Recently, there’s been a brewing controversy over some alleged conflicts of interest with members of the William S. Hart Union High School Board.
Some folks contend that since member Gloria Mercado-Fortine works for one corporation (Desert Sands Charter High School) that shares directors and officers with
another corporation (Mission View Charter School) that supplies services to the school district, an improper conflict of interest exists.
Critics allege that since the two corporations have some similar directors and officers, they must be considered alter egos of each other. This, in essence, is what is known as
piercing the corporate veil.
Under state law, the assumption is that corporations are separate, distinct entities from one another.
One of main motivations to forming different corporations is to keep the liabilities of one company from being inflicted on another. A goal of avoiding shared liability doesn’t take
away this separateness.
As the United States Supreme Court has said, “The fact that incorporation was desired in order to obtain limited liability does not defeat that purpose . … Limited liability is the
rule not the exception; and on that assumption large undertakings are rested, vast enterprises are launched and huge sums of capital attracted.”
Even though the law favors keeping corporations separate from each other, that does not mean that someone can abuse this privilege with impunity. If keeping with the legal
fiction of separate entities leads to a gross injustice, the courts will “pierce the corporate veil” and hold the offending parties responsible despite the existence of the corporation.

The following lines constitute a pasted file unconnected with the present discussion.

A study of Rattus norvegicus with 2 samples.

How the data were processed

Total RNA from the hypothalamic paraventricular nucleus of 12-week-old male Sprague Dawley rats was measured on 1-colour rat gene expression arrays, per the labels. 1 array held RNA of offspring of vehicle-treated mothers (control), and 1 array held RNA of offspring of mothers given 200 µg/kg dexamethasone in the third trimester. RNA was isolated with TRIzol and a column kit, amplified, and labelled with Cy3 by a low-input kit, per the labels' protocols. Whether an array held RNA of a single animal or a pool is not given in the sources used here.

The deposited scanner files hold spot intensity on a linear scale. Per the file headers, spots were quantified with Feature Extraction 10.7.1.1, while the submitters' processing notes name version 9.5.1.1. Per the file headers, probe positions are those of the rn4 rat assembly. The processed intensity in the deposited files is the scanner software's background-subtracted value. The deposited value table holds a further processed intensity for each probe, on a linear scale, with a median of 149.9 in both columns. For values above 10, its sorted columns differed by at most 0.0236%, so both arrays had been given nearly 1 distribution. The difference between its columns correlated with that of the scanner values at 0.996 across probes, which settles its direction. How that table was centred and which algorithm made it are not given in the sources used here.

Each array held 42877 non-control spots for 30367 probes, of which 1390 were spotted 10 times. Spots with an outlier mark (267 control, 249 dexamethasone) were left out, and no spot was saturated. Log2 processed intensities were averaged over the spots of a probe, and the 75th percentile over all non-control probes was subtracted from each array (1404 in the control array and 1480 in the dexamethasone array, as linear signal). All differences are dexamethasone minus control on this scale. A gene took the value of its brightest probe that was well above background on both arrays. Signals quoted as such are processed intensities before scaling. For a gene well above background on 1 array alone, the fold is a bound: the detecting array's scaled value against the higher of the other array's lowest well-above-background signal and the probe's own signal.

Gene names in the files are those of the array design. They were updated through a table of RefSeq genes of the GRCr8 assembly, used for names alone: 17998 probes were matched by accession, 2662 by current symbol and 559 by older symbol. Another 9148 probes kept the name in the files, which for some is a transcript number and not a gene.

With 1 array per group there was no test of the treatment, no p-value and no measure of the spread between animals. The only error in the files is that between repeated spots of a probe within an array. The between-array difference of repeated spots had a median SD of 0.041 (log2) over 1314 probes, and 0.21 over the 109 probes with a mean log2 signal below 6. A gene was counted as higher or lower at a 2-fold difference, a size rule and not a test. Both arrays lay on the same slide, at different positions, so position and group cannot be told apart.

So, when is it OK to say that two corporations are so related that you can say one is the alter ego of the other?
Well, it is surprising difficult and complicated. There is no “litmus test” to determine conclusively whether piercing is justified or not.
Rather, a court examining the question starts with certain principles established by the Supreme Court. “There are, nevertheless, two general requirements: (1) that there be such
unity of interest and ownership that the separate personalities of the corporation and the individual no longer exist, and (2) that if the acts are treated as those of the corporation
alone, an inequitable result will follow.”
While these are nice, lofty sentiments, the question comes up — how do you apply these requirements? If two corporations share officers and directors, is that enough to ignore
their separate corporate existence? What about if they use the same bank or are located at the same address — does that end the investigation?
Sadly, no. The Court of Appeal in Greenspan v. LADT, LLC (a case which was just published) used a whole panoply of factors (a minimum of fourteen) to decide an alter
These includes things like commingling of funds, failure to maintain adequate corporate records, same officers and directors for both entities, failure to adequately capitalize, the
disregard of legal formalities, the diversion of assets from one corporation to another, and the use of the corporation as a mere shell, along with almost a dozen other considerations.
After you’ve looked at all of these items can you then come to a conclusion?
Again, no. “This long list of factors is not exhaustive. The enumerated factors may be considered “[a]mong” others “under the particular circumstances of each case. No single
factor is determinative, and instead a court must examine all the circumstances to determine whether to apply the doctrine. …”
You can now see why an “alter ego” case is a trial attorney’s dream file. The attorney gets to conduct extensive discovery, file numerous motions and can always argue that the
other side hasn’t proven enough to win its case. These are complicated, intense, factdriven cases that can take months to resolve.
Now, I know that the court of public opinion may not be as exacting as a court of law. But obviously sharing officers and directors is not, on its own, a sufficient basis to assert alter ego.